The pudgy, out-of-shape fish is barely able to traverse even the lightest rapid.

SEATTLE—After repeatedly gorging itself on marine sea life for more than seven years, a severely obese chinook salmon told reporters Wednesday he had grown too overweight to swim upstream and reproduce.

“I used to be able to swim hundreds of miles to my natal stream,” the male salmon said as he recovered in a brackish estuary after swimming several feet against the current and growing fatigued. “But now I’m so fat I can’t even leap out of the water to overcome a natural obstacle. And when I try, my fins are super sore for a couple days.”


“Could you give me a second? I need to rest until this stitch in my side goes away,” the overweight anadromous fish added.

According to sources, minimal efforts to maintain a healthy body weight and remain attractive to spawning female salmon, along with years of binge-eating and late-night snacking on crustaceans, have finally caught up with the portly fish.

“I mean, I try to swim every day,” said the salmon, gasping for oxygen and lamenting his lack of gill capacity. “But I never could cut all those fattening Pacific herring out of my diet. I guess I’m paying for it now.”

Using an abstruse process of geomagnetic navigation that remains a mystery to scientists, the salmon is reportedly still able to home in on the same riverine drainage from which he hatched many years ago, but traversing the thousands of feet of elevation gain required to complete the journey has proven daunting for the flabby, out-of-shape fish.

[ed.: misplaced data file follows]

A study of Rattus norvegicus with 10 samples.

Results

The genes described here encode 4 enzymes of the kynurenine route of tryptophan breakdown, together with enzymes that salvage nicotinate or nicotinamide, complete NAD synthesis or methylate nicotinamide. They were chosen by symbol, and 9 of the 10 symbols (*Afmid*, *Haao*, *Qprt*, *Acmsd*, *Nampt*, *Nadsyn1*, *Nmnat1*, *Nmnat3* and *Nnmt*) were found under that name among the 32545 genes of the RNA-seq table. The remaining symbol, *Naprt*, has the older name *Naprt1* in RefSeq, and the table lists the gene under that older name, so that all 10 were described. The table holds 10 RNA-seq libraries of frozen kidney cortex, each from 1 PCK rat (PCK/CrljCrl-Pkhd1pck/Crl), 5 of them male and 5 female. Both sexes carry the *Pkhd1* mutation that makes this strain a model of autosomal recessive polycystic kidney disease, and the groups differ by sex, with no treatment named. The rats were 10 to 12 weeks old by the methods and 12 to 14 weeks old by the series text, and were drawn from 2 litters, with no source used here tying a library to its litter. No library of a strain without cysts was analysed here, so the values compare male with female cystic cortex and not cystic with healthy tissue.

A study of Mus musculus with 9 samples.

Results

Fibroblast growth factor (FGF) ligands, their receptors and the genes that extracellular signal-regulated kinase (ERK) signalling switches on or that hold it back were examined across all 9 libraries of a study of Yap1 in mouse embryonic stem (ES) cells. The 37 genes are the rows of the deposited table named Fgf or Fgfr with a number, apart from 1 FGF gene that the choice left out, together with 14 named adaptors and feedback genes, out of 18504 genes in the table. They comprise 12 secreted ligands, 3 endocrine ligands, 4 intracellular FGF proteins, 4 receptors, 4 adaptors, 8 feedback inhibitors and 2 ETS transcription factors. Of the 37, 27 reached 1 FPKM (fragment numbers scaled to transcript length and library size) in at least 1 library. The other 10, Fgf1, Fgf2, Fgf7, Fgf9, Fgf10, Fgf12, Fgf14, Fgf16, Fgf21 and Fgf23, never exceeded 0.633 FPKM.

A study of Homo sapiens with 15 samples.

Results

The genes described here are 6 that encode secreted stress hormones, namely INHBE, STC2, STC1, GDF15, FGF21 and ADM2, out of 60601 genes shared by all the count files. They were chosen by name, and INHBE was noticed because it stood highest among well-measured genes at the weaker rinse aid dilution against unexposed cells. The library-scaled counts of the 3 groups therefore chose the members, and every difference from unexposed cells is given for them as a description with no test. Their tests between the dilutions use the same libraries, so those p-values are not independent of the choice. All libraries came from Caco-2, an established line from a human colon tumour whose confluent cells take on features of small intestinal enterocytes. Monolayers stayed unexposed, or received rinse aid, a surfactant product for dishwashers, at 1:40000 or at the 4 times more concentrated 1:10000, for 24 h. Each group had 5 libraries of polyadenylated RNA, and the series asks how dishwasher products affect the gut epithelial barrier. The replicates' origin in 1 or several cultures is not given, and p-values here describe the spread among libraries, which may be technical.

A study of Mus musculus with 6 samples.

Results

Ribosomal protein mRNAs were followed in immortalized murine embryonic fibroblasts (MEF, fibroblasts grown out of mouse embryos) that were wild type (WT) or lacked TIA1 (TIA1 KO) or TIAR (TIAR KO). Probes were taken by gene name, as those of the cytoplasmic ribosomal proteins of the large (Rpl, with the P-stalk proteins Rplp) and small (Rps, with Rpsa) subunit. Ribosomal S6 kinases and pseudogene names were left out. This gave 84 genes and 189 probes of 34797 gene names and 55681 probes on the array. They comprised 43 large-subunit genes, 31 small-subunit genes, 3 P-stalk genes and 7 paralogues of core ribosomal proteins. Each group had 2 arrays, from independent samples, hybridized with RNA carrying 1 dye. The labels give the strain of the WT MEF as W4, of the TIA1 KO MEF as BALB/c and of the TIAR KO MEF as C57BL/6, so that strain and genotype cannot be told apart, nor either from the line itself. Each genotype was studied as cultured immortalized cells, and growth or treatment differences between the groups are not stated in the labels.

“I wish some female would just come down here and let me externally fertilize her eggs so I wouldn’t have to swim all the way up to the goddamn headwaters,” the salmon said. “Not that any female would let me deposit sperm on her roe anyway.”

“What kind of salmon gets stuck in rapids, for God’s sake?” the chinook continued. “A fat one, apparently. A big, fat, ugly salmon.”


In years prior, before reaching his current body mass, the salmon would have traveled more than 900 miles upstream to Idaho; today, however, the fish’s frame is so encumbered by excess weight that he becomes winded after a few minutes of wagging his caudal fin in the water.

“My olfactory glands tell me I need to keep moving, but my body says otherwise,” said the salmon, heaving his 160-pound body through a shallow. “How much further do I have? Am I almost there? This is really embarrassing.”


“I’m so beat that I probably don’t even have enough stamina to release my milt,” the pudgy fish added.

Salmon are not the only animals in the riparian ecosystem afflicted with obesity. One local grizzly bear, who subsists on salmon during the annual run, told reporters he is now too overweight to catch the fish as they migrate upstream.


“These little suckers are fast,” said the 1,300-pound male grizzly, resting on his haunches and breathing heavily. “I’m just going to wait by the water’s edge and hope they leap by my face.”